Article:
Friday, April 20, 2007


I just got back from a performance by the the Joffrey Ballet - I am a season ticket holder - and I was all pumped to take some no-flash photos of Light Rain, because it rules, but photography of any kind was prohibited, because it's a "serious danger to the dancers."

I say: you owe me at least one photograph for my $275 a year, little "ballerinos".



Sharyn said...

For real!

Sadly that's pretty standard policy. When I was invited to take photos of the Edward Scissorhands ballet the staff was still super paranoid. They had me set up where they could keep an eye on me but before the performance began they must have reminded me half a dozen times to make sure I was in no-flash mode. And after my half hour was up they swooped in to escort me back to my seat and didn't leave until they saw me stow my camera. Sheesh.

Bev Sykes said...

If the flash hits the dancer (or actor, for that matter) in the eye wrong, it can throw him or her off balance. Think of what happens to your eyes when Uncle Joe snaps a flash and you see spots in front of your eyes for a few minutes. Now imagine that happening when you are in the middle of a complicated dance move or trying to remember your lines, or just move across stage.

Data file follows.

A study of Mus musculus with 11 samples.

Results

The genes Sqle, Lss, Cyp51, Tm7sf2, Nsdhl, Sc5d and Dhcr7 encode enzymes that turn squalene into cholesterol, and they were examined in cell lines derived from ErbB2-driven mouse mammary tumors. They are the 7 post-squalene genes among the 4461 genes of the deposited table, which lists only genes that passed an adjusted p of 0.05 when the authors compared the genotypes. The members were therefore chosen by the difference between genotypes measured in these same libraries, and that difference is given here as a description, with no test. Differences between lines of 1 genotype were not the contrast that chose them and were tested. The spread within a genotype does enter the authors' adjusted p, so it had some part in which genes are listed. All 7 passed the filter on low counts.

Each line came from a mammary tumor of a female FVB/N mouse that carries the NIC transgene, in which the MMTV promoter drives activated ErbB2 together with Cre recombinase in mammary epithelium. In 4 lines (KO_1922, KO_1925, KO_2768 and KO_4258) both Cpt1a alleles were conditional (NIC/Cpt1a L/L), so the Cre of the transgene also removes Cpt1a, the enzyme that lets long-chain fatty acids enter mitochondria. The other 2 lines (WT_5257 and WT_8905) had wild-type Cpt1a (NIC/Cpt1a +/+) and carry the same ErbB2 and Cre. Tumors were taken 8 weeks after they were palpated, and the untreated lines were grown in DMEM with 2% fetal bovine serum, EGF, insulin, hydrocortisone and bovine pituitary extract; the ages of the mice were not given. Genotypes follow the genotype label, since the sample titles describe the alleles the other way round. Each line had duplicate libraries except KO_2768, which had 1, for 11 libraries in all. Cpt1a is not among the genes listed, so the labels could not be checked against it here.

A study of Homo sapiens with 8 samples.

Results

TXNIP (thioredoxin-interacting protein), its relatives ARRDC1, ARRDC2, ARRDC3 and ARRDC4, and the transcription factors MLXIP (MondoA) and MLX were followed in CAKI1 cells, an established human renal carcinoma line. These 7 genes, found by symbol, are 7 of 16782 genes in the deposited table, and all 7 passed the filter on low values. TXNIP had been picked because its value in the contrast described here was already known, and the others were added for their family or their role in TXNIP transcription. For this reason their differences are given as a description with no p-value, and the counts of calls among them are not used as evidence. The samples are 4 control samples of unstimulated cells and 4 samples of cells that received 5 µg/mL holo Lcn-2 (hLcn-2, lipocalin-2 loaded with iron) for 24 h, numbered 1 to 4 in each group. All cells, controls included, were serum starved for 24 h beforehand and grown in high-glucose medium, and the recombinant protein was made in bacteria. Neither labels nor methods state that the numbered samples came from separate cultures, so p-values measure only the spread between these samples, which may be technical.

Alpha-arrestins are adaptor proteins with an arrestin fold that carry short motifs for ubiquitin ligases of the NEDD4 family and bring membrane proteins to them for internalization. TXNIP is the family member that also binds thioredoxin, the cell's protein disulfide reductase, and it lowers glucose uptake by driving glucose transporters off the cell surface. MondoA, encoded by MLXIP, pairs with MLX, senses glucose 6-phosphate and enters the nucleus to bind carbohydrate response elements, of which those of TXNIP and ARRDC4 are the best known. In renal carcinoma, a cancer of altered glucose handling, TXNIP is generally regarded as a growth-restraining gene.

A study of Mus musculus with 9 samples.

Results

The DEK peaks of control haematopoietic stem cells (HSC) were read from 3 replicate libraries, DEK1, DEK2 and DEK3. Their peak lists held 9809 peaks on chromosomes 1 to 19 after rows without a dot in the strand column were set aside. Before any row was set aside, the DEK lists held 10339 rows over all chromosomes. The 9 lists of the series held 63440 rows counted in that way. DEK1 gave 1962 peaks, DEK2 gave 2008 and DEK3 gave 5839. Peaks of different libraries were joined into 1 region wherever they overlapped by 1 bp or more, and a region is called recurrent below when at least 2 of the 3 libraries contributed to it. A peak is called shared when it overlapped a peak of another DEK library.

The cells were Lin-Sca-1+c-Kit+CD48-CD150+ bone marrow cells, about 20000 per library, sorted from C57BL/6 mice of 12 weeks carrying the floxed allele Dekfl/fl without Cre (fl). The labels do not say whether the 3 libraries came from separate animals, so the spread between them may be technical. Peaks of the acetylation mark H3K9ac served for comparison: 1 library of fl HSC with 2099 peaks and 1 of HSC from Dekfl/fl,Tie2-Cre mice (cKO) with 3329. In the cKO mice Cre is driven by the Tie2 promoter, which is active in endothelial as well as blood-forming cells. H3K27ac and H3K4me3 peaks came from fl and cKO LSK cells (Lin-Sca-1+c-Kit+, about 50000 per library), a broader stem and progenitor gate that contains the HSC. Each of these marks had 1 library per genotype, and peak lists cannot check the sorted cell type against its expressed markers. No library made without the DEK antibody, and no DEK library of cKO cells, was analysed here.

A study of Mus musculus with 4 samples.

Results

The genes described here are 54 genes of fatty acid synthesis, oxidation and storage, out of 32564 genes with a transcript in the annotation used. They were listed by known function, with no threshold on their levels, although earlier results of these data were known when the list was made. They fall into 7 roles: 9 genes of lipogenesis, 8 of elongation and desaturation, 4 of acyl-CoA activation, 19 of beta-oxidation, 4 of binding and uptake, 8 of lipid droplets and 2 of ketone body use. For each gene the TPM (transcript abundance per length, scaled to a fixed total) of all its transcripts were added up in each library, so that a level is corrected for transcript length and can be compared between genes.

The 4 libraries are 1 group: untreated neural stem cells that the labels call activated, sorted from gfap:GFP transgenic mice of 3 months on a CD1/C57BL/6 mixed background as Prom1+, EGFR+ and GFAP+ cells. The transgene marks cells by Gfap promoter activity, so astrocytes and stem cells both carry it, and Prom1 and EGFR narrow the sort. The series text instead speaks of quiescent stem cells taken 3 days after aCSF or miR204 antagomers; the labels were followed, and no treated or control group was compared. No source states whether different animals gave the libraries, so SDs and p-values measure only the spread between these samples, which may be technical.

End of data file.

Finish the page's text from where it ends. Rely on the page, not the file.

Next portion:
They're right--it can be very dangerous to the performers.

(And in the case of a play, it can violate very strict copyright laws. I tried to take photos (non-flash) of a show that my friend WROTE and was starring in, but because of the equity contracts with his co-actors and the contract with the theatre, no photos could be taken, even though Steve had ASKED me to take photos! He and his partner just appeared off broadway in a show they wrote and the Equity contract for the theatre was such that they could not take photos of their own show.